First things first
by presbiter iohannes
No matter what the about says, I’m not really the Presbiter Iohannes, or am I?
Who was the fellow, though?
Presbiter Iohannes, aka Presbyter Johannes, aka Prester John (and Preste Juan, Prete Gianni, Prêtre Jean, and so on) is a mythical King and Priest who, in the Middle Ages (1165 to be exact), wrote a letter to Manuel I Commenus, the Byzantine Emperor, bragging about his kingdom with the excuse of giving thanks for a present.
In this kingdom of his there are lots of fantastic creatures and landscapes, such as, but not limited to: cynocephalus, blemmyes, sprites, cyclops, griffins, monopods, a miraculous fountain, a sea of sand and a river of stones, the ten tribes of Israel, amazons, bragmans, a mirror to watch all of his vast kingdom and a lot more. I mean a lot.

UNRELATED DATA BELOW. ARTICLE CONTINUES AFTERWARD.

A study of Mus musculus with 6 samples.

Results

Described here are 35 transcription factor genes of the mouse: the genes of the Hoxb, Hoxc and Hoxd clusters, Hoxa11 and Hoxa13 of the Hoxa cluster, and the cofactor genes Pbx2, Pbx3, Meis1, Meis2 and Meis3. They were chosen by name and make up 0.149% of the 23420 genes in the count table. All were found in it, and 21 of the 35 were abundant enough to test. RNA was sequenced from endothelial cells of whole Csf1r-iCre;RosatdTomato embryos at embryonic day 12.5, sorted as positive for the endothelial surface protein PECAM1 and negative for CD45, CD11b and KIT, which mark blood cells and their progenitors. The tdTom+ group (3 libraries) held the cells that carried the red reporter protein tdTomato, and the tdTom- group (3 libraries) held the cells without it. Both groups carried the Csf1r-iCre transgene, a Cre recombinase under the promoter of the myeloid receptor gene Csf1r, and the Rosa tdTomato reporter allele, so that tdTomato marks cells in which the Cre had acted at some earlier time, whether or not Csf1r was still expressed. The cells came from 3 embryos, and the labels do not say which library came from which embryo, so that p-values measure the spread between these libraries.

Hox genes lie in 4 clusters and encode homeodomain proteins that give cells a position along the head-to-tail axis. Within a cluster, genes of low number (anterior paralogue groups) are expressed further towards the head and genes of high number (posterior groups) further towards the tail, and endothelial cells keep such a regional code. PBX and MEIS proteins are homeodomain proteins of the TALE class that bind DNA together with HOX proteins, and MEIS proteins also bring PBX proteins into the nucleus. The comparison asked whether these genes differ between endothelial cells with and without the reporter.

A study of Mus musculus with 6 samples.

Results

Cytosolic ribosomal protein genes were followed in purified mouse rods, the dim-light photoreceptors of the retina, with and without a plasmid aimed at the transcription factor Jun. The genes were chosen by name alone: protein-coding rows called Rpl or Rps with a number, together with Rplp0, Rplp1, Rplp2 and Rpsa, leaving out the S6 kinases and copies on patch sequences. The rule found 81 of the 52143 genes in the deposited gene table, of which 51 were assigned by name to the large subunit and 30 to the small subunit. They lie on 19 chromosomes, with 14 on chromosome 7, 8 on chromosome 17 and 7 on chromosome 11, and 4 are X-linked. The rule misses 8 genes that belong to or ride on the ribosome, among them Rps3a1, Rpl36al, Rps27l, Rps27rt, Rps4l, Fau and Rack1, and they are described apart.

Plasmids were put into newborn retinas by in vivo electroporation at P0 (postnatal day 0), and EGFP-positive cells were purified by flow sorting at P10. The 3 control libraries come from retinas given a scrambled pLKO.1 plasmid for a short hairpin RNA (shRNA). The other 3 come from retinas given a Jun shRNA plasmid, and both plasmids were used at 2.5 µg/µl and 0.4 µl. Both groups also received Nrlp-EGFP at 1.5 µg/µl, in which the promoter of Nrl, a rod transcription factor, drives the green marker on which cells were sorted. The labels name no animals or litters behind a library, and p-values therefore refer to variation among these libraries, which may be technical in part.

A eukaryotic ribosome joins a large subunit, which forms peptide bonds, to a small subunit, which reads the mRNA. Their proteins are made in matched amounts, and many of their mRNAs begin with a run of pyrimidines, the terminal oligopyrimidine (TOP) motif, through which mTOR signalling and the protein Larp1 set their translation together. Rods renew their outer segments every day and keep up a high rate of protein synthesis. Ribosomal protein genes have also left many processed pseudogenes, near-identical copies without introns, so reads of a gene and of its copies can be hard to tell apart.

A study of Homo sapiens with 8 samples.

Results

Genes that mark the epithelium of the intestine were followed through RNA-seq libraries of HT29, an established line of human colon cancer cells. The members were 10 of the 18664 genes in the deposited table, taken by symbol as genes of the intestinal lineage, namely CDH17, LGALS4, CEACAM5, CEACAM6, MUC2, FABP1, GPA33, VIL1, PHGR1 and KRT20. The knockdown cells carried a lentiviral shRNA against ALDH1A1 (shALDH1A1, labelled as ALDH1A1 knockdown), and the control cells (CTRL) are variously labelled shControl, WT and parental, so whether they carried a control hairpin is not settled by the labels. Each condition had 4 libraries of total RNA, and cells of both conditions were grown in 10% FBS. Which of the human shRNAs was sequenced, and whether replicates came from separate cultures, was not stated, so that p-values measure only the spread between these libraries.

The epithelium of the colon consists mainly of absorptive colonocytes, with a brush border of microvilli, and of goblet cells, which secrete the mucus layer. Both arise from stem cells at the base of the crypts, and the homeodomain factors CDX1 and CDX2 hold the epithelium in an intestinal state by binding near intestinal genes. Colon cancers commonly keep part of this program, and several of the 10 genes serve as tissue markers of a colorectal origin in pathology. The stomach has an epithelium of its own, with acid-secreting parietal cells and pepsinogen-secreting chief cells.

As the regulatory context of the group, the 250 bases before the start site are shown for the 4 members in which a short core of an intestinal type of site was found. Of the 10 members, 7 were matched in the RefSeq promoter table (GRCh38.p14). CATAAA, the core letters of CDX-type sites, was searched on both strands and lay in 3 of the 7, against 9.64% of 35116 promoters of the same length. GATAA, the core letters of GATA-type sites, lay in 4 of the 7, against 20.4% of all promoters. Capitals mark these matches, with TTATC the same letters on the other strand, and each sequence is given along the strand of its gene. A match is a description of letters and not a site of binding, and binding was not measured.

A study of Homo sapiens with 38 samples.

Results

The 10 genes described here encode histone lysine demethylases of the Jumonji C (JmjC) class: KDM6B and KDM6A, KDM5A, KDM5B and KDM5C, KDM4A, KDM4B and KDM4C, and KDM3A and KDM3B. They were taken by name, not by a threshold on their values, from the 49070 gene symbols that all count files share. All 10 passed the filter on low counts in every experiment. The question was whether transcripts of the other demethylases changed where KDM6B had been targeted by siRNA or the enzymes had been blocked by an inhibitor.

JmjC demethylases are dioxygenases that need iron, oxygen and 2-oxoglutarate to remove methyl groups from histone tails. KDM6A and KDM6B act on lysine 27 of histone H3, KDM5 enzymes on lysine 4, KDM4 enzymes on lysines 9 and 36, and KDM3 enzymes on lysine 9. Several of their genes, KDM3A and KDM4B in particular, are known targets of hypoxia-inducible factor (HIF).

The letter is a forgery (apparently written by jews from Northern Italy) and the two emperors didn’t buy it. The pope, though, had to act. After all, if there was a Christian Priest and King surrounded by infidels he should do something about it. So he wrote a one thousand word letter to the Presbyter and sent it via an ambassador and missioner, Phillip of Venice (poor guy), since the Prester was a nestorian, an heretic.
There were mentions to the presbyter previous to this letter in several ways: from the christians in India of the Acts of Thomas, to the figure of the syrian John the Presbyter, to the Chronicle of Otto of Freising.
Did he really exist? If the question refers to the king and patriarch of the letter, then he didn’t. But there may have been a christian patriarch and/or king somewhere in India, the Mongol Empire or Ethiopia which served as a basis for the legend.
So why did I choose this character?
But the main reason is that nobody knows why the forgers wrote it or what for, what they expected to achieve. Or was it just trolling avant la lettre?